Like the Palestinians under Zionist occupation, the Kashmiris too suffer under the boot of the brutal Indian army of occupation. Both occupations date back to 1947 with scores of United Nations Security Council resolutions affirming the indigenous peoples’ rights to be respected. In Palestine, alien Zionist invaders from Europe, Russia, and North America took over the Palestinians land, killing tens of thousands of them in the process. In Kashmir, Hindu invaders murdered more than 300,000 Kashmiris, forcing others to flee for their lives.
The people of Kashmir have struggled for 70 years seeking the right to self-determination as enshrined in 18 Security Council resolutions. The entire world recognizes their right but few countries are willing to help the Kashmiris achieve it. Pakistan stands virtually alone in support of the Kashmiris’ right to a referendum to determine their future.
True, Pakistan has a vested interest in the matter but it is not merely that; there is a principle involved. Article 1:1 of the International Covenant on Civil and Political Rights states, inter alia, “All peoples have the right of self-determination. By virtue of that right they freely determine their political status and freely pursue their economic, social, and cultural development.”
The people of Kashmir have paid a heavy price in life, blood and honor in their struggle to secure this right. Since early-1989, the one-million-strong Indian army of occupation has murdered more than 94,000 Kashmiris. Thousands of people have simply disappeared and to India’s eternal shame, its troops have raped more than 11,000 Kashmiri women. India uses rape as an instrument of war. And not one soldier has been charged or prosecuted for such heinous crimes.
Despite such well-documented Indian crimes — from Amnesty International, Human Rights Watch, and numerous Indian human rights organizations — there is scant attention paid to these in the Western media. Similarly, Western governments, more interested in red-carpeting arms deals while lip servicing principle, have turned a blind eye to Indian crimes against innocent people despite recognizing Kashmir’s disputed status whose future must be determined according to the wishes of the people through a UN-supervised referendum.
To their credit, the people of Kashmir have not become dejected despite these setbacks. They have continued to struggle for the right to determine their own future. India’s unrelenting brutality has only strengthened their resolve and determination. Despite a massive Indian military presence, the Kashmiris in towns big and small and in villages and cities, hold daily protests facing the heavily armed Indian colonization troops with their bare hands. The struggle for freedom reverberates from every street corner and from every rooftop. Young and old, men and women have now joined the freedom struggle.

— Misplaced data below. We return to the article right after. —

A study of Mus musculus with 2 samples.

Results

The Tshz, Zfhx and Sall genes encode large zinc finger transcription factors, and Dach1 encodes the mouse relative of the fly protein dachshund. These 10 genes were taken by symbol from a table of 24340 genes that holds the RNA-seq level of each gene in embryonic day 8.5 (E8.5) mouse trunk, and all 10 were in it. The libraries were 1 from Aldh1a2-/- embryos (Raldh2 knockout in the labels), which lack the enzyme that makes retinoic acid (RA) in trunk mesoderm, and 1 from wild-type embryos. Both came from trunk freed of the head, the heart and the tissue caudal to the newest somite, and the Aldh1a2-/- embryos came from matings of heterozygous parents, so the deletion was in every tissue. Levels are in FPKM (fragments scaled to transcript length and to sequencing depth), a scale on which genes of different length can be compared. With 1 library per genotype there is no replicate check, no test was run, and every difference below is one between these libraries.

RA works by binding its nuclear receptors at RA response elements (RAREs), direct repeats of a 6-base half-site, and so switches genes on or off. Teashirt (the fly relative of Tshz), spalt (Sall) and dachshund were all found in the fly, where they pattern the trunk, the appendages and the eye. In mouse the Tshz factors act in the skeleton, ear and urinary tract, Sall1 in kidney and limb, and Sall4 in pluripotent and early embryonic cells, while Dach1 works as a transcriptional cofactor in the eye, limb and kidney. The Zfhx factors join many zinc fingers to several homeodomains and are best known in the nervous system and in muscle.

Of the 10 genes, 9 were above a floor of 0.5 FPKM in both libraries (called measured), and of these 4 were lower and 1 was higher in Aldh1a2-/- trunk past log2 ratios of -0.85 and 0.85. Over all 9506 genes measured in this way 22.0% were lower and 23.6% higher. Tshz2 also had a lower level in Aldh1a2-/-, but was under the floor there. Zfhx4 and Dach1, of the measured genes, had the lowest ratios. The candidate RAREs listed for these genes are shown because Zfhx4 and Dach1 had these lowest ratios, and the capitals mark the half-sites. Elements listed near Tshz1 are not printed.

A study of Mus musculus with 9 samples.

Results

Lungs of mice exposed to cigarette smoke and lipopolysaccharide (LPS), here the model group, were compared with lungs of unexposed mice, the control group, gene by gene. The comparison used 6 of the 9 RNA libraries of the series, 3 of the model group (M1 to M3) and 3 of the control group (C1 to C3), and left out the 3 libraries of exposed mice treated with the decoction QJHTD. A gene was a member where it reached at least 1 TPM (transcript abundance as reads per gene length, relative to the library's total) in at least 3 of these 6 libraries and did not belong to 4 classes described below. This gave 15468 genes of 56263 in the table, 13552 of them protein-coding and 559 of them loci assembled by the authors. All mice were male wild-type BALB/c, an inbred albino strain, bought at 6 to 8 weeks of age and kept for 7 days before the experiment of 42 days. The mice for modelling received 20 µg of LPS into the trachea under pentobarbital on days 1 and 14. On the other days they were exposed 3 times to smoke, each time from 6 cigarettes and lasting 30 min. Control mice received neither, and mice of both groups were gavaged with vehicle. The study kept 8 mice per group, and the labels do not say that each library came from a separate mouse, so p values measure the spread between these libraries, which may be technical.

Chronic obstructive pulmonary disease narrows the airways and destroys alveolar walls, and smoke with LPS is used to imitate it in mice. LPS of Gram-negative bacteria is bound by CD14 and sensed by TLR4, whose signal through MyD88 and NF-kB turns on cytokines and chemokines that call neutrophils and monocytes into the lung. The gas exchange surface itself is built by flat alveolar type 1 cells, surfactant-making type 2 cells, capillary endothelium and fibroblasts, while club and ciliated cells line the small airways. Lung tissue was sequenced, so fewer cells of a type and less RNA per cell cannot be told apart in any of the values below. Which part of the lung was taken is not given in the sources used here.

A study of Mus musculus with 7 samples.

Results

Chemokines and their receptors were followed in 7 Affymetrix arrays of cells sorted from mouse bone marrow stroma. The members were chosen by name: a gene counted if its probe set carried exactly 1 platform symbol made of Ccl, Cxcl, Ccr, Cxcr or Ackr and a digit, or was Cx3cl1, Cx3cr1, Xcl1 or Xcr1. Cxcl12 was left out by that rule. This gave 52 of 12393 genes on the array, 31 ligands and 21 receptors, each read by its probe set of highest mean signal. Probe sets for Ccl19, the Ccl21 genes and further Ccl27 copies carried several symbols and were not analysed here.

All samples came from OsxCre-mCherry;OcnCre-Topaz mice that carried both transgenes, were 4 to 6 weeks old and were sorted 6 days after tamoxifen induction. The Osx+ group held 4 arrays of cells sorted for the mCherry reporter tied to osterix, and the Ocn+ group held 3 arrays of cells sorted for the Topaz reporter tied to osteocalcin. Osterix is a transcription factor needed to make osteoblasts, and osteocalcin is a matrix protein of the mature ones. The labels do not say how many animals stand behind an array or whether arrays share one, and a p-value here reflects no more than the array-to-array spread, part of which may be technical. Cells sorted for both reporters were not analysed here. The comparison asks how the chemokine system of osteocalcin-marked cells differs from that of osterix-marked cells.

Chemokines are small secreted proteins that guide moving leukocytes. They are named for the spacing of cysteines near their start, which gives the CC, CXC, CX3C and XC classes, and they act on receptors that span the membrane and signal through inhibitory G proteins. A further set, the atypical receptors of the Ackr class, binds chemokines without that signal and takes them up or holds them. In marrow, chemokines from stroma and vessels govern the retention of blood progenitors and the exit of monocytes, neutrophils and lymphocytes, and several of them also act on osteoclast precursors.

It is common sight to see children and women hurling stones at Indian armored personnel carriers. While stones are no match for Indian military vehicles, the Kashmiris’ actions reflect their hatred of the occupiers. A common graffiti seen on walls reflects the Kashmiris’ hatred of the occupiers: “Indian Dogs, Go Home.” To call someone a dog is the ultimate insult in that part of the world.
Brutalized by the Indian army and largely ignored by the world including many Muslim countries, what choices do the people of Kashmir have? The first point to bear in mind is that they must not lose hope. So far, their determination has been exemplary. Second, if the Western media or governments have ignored their suffering, there are alternatives to get their message across. One is social media. The other important platform is that of organizations struggling for social and political justice in all parts of the world. These organizations must be approached, informed of the Kashmiris’ suffering, and mobilized in their support. Since many of these organizations’ members are from the labor or trade union movements, they can be effective in boycotting Indian goods to send a message that their brutal conduct will not go unchallenged.
Given a large number of Muslims now residing in Europe and North America, channels of communications must be opened with these organizations for help. The Palestinians’ cause has been adopted by many organizations in the West. Why can’t the Kashmiris’ cause garner similar support?
It is time to think outside the box and reach out to people dedicated to social and political justice issues.
Zafar Bangash is Director of the Institute of Contemporary Islamic Thought (ICIT).